Glencoe man allegedly purchased Lake Forest mansion, Land Rover and more with investors’ funds rather than operating a Northbrook business as promised.

The owner of a sleep disorder business was indicted on federal charges Monday after he allegedly defrauded more than 50 investors of $4 million.

Kenneth A. Dachman, 52, of Glencoe and formerly Lake Forest, allegedly lied about the fact that he had seven previous bankruptcies and used investors’ funds to buy a mansion, a new SUV and cruises, among other purchases. He was indicted on 11 counts of wire fraud in connection with two Northbrook businesses and one Lake Forest company, according to a press release from the U.S. Department of Justice.

Dachman allegedly raised more than $4 million from investors between June 2008 and September 2010 by misrepresenting the use of the funds, his business background and the financial condition of his companies, He told investors the money would go to fund Central Sleep Diagnostics LLC and Advanced Sleep Devices LLC in Northbrook, and Key Partners LLC in Lake Forest, according to the indictment. Central Sleep Diagnostics billed itself as a treatment center for patients with sleep-related illnesses, while Advanced Sleep supposedly sold equipment to treat such conditions. According to Dachman, Key Partners was an international marketing firm for the other two businesses.

But rather than using investors’ money to operate his business, Dachman bought a 2-acre mansion in Lake Forest; helped fund Windy City Ink, a tattoo parlor owned by his son-in-law in Chicago; purchased a 2008 Land Rover, gambled in Las Vegas and bought vacations and cruises to Italy, Nevada, Florida and Alaska.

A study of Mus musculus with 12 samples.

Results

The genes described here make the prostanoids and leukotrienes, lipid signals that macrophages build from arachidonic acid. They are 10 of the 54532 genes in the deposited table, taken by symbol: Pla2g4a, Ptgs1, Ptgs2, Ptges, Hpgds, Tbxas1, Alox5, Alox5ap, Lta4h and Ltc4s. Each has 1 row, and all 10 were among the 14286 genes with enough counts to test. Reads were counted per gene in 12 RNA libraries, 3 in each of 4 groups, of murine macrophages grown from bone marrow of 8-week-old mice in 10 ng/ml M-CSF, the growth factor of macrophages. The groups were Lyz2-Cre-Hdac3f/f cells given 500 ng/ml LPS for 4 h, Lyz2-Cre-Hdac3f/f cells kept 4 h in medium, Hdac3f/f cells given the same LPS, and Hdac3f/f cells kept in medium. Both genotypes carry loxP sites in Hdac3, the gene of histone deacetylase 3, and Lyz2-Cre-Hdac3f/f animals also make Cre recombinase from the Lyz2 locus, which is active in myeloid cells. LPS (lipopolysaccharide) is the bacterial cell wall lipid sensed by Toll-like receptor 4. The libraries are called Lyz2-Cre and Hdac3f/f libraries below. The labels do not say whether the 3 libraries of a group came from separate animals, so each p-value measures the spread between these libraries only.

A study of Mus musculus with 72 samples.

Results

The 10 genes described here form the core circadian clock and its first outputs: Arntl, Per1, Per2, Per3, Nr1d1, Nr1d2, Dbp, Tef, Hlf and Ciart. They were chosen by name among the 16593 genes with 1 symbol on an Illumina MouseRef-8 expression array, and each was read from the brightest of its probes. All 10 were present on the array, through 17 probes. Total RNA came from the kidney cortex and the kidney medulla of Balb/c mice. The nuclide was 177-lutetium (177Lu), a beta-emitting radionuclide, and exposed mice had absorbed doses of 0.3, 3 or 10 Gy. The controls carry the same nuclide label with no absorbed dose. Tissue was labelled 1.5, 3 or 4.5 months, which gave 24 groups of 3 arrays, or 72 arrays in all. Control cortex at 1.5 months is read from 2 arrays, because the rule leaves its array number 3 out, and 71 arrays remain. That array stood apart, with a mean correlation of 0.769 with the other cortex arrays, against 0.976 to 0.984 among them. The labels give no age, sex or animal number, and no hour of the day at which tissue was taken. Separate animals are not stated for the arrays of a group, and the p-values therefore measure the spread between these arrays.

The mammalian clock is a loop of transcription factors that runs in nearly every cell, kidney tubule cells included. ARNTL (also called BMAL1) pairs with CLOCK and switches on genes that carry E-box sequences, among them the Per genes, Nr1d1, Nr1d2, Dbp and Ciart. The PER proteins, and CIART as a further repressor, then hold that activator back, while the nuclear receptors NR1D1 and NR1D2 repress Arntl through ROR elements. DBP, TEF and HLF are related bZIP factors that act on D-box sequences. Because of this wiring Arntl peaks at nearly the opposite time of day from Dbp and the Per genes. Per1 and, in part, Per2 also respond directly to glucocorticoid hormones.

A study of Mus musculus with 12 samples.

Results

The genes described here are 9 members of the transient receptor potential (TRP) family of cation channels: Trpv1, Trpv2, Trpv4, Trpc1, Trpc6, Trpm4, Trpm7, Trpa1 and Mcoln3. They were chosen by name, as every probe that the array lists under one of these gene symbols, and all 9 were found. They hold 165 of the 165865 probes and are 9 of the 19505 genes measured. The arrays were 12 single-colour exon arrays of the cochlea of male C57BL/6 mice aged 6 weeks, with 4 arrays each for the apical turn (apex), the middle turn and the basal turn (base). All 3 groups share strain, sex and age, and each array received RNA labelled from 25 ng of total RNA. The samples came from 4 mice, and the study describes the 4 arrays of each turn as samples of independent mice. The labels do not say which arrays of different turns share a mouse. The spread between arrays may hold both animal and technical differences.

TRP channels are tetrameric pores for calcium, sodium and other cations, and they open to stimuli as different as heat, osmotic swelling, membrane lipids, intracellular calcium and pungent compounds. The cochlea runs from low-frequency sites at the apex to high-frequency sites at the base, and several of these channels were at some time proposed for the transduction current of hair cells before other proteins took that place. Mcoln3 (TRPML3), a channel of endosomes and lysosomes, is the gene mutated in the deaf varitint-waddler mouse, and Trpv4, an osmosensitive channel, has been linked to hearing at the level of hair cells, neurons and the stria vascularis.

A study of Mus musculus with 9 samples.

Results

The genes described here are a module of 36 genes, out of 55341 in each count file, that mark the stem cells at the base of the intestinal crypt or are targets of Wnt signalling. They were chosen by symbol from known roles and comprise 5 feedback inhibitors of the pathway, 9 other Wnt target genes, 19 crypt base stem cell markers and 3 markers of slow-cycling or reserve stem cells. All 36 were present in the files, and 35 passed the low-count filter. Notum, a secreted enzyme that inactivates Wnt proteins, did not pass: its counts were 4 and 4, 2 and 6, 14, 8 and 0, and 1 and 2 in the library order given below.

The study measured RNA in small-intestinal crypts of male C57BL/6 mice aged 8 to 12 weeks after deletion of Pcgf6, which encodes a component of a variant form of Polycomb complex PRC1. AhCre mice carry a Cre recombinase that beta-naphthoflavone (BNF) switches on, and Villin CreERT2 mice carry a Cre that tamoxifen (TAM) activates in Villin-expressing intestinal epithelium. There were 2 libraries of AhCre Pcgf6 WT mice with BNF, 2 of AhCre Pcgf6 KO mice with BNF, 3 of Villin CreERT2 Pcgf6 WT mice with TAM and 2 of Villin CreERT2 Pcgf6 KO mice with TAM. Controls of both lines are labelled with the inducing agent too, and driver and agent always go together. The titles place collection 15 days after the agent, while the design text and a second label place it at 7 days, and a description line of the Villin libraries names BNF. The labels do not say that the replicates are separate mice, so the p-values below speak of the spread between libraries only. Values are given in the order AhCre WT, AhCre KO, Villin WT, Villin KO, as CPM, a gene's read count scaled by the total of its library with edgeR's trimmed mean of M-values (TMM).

Between July 2008 and January 2009, Dachman told investors that their combined funds of $1.4 million would be used to open and operate Central Sleep, according to the indictment. Instead, Dachman allegedly used nearly $1 million of the money for himself, including more than $200,000 spent in stock trading and more than $160,000 made out in checks payable to himself and his wife. At the time, Central Sleep had not yet received any income, according to the indictment. 

Despite promising investors that he would personally guarantee the repayment of their principal, Dachman did not disclose the fact that he had almost no assets and had declared personal bankruptcy seven times. He also allegedly lied to investors, claiming that he had invested his own money in Central Sleep, when in fact he had not, and claiming he had a PhD from Northwestern University, a school he never attended, according to the indictment. 

By March 2010, Central Sleep was having cash flow problems, because Dachman was allegedly taking the money himself. At that point, he asked for an additional $25,000 from his investors. He also promised monthly interest payments to his investors, despite not having the funds, but ultimately defaulted, causing a total loss of $4 million to more than 50 investors. 

If convicted, Dachman could face up to 20 years in prison and a $250,000 fine for each count of wire fraud. The government also seeks forfeiture of at least $4 million in assets and the 2008 Land Rover.